It’s my pleasure to welcome guest contributor, Tea Silvestre, aka the Word Chef (http://thewordchef.com), as she shares her recent experience with Amazon’s KDP Select program.
Now that my book is published, I’m finding more and more authors expressing opposing sides of the Yay/Nay debate on joining the Kindle Select Program.
My thought is this: if Amazon is THE 100 lb publishing gorilla, why wouldn’t you try it out?
Funny how when you know you’re going to be publishing a book, you start to see relevant thoughts and opinions everywhere.
My experience with Kindle Publishing (and their Select program) has been pretty cool.
Not sure that the free day has increased subsequent sales, but that’s okay with me. I really just wanted to get my book into the hands of new people. To get exposure to new prospects.
KDP would work best for folks who have a series of books (where you give away the first in the series, and then folks are prompted to get the next one).
My biggest headache? Formatting the manuscript. And really — it wasn’t a full-blown migraine type of headache. Just the kind of dull sort of ache that happens after a long day.
Here’s what you need to know before we get started
- I used to teach people how to use Microsoft Office software for a living (waaaay back in the day); so even though I’m not intimately familiar with the current version of MS Word, I know the functionalities and what they’re capable of accomplishing.
- I’m comfortable with technology and don’t freak out when I need to learn something new; this is a state of mind you need to cultivate if you’re going to feel successful in the digital publishing (DIY) world.
- I know how to use Google to look for answers to my questions. Need to know how to do a particular thing? Google it!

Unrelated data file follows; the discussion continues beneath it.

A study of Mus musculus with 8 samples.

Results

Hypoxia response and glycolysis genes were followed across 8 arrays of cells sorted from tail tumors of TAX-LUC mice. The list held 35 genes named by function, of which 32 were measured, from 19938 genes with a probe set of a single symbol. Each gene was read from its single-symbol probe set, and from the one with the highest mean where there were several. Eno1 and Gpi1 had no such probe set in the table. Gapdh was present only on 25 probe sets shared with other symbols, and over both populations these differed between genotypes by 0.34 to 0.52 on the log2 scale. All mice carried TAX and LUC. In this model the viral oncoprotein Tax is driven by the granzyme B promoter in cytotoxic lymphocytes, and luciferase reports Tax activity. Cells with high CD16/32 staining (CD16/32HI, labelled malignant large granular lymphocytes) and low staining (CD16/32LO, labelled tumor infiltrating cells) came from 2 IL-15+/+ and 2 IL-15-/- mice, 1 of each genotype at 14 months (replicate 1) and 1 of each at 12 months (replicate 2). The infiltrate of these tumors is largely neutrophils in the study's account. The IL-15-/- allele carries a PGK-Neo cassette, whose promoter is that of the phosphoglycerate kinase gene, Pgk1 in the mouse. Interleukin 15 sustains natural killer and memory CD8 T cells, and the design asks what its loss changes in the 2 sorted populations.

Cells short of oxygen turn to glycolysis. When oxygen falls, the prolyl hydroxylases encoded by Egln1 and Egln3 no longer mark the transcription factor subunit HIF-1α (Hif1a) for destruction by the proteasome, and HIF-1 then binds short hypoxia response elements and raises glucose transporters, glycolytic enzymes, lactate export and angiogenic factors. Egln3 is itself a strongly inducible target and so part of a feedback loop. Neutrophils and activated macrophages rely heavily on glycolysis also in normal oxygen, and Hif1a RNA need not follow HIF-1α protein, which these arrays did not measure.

So that’s the place where I started from (technology-wise) in terms of launching this book.
Here are my tips for making your experience just a little bit smoother
- Read the directions. My honey is constantly teasing me about my habit for not doing this. Yes, I’m a bookworm. Yes, I love to read. Just not directions. Those? I skim those (if at all). In this case, it’s a good idea to read the directions thoroughly before you start. Had I done that, I would’ve known that I needed to save my manuscript not just in html, but in html filtered. Apparently there’s a difference.
- Zip your final files before you upload them. Html projects create a separate file for things like images. Your html doc needs to be zipped with that folder to keep everything together nice and tight.
- Create your Table of Contents using Word’s heading styles
- Format your pages to 3.5″ x 5″ so you can see what your book will look like (roughly) at those dimensions. It helps to see if you need to fix any line breaks. (Then put the margins back before you save and upload them to Kindle.)
- My best advice? Don’t rely on the Select program as your sole marketing channel. It’s just one tiny piece of your entire book marketing plan. And when my 90-day contract expires, I’ll be adding my book to Barnes & Noble’s Nook, Apple’s iTunes and Smashwords (not to mention my own website!).
Until then, if you’d like to get my book for free, my last free download day is Wednesday, June 6th (24 hours only).
Bio: Tea (pronouced like Tay’ah) Silvestre is the author of “Attract and Feed a Hungry Crowd: How thinking like a Chef can help you build a solid business.” She’s also the founder of the Tastiest Small Biz Brand Awards and a sought-after marketing consultant and speaker.